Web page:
Nine Sudanese university professors, many of them activists, have been detained during a campus raid, hours after President Omar al-Bashir spoke of political dialogue and reform, a lawyer said Tuesday.
“We can confirm that nine professors were arrested yesterday (Monday) from inside Ahfad University” in Khartoum’s twin city of Omdurman, Nabeel Adeeb, a prominent lawyer and head of the Sudanese Human Rights Monitoring Association, told AFP.
He said they were picked up while meeting inside the campus in the evening.
“They were taken to an unknown location,” Adeeb said, adding that two of the detainees are ill and another is the mother of a baby.
“We are calling for their immediate release, otherwise authorities must allow their lawyer to meet them and doctors to examine them.”
Activists say prisoners arrested by Sudan’s state security bureau are routinely held without an initial charge and without people immediately knowing their whereabouts.
In a speech opening a new session of parliament on Monday, Bashir talked of reform and political dialogue after the most serious split in years within his ruling party.
He hinted to parliament that press censorship would ease now that the country had “returned to normal” after September protests in which dozens died and hundreds were detained.
The government initially said it had detained 700 “criminals” after the protests but authorities then said most had been released.
Fifty-eight would be brought to court, Bashir said.
The protests, sparked by the government cut in fuel subsidies, were the worst urban unrest in Bashir’s 24-year rule.
Security forces are believed to have killed more than 200 demonstrators, many of whom were shot in the head or chest, Amnesty International said.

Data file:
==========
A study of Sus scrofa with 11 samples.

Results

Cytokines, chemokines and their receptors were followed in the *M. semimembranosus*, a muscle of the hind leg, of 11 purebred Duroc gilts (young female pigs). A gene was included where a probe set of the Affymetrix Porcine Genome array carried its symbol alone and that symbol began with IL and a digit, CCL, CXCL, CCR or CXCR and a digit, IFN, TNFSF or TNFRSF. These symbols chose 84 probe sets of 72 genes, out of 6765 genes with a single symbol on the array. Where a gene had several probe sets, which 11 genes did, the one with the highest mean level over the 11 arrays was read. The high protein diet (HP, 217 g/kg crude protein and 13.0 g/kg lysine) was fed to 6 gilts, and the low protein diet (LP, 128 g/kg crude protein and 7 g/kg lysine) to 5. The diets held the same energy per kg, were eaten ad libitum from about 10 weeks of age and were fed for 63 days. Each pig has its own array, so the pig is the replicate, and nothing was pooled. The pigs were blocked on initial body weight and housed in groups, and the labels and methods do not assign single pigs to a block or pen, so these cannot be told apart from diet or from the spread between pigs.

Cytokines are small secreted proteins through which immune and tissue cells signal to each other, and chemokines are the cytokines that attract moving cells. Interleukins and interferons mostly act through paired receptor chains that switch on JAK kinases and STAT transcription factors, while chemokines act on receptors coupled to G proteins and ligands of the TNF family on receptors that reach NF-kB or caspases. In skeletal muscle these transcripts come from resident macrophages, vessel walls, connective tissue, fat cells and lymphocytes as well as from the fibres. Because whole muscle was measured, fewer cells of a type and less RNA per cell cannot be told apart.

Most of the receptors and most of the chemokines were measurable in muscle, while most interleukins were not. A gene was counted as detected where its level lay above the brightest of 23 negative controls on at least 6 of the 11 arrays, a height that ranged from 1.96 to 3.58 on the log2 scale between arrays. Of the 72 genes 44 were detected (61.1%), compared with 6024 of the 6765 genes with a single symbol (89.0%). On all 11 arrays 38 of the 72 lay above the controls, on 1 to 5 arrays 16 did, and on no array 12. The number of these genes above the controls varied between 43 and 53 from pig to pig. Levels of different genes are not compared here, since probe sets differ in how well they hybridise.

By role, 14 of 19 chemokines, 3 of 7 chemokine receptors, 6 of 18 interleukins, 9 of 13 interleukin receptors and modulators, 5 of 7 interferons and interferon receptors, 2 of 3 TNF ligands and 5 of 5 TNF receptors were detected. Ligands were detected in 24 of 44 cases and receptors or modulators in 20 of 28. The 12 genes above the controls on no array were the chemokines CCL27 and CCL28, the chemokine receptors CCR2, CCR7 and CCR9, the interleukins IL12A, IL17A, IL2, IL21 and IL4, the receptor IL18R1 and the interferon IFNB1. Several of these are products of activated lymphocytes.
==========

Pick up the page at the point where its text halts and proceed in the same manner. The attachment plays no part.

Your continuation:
Authorities reported 60 to 70 deaths, and say they had to intervene when crowds turned violent, attacking petrol stations and police.
More than 30 prominent reformers within Bashir’s ruling National Congress Party issued a public memorandum to the president in which they criticized the regime’s protest crackdown.
They announced last weekend that they would form a new party after the NCP sought to expel three leaders of their reform group.
In their memorandum, the reformers said the crackdown betrayed the government’s Islamic foundations.
They also sought an independent probe of the shooting of civilians, and a reversal of the fuel price increases.
They called for “professionals” to take over economic policy, an end to press censorship, and respect for constitutional freedoms including the right to peaceful assembly.
Analysts have said the NCP is not serious about considering divergent opinions.
They say the spontaneous demonstrations pointed to an urgent need for reform by a government grappling with wars, dissension within its own ranks, economic crisis and international isolation.
But Bashir told parliament that reform “is a daily process for us”.
He said he wanted a review of all state institutions, from sports to social and political, but he did not elaborate.
He repeated a call first made in April for a broad dialogue with all political parties, even with armed rebel groups.
Sudan ranks near the bottom of international indexes of corruption, human development and press freedom.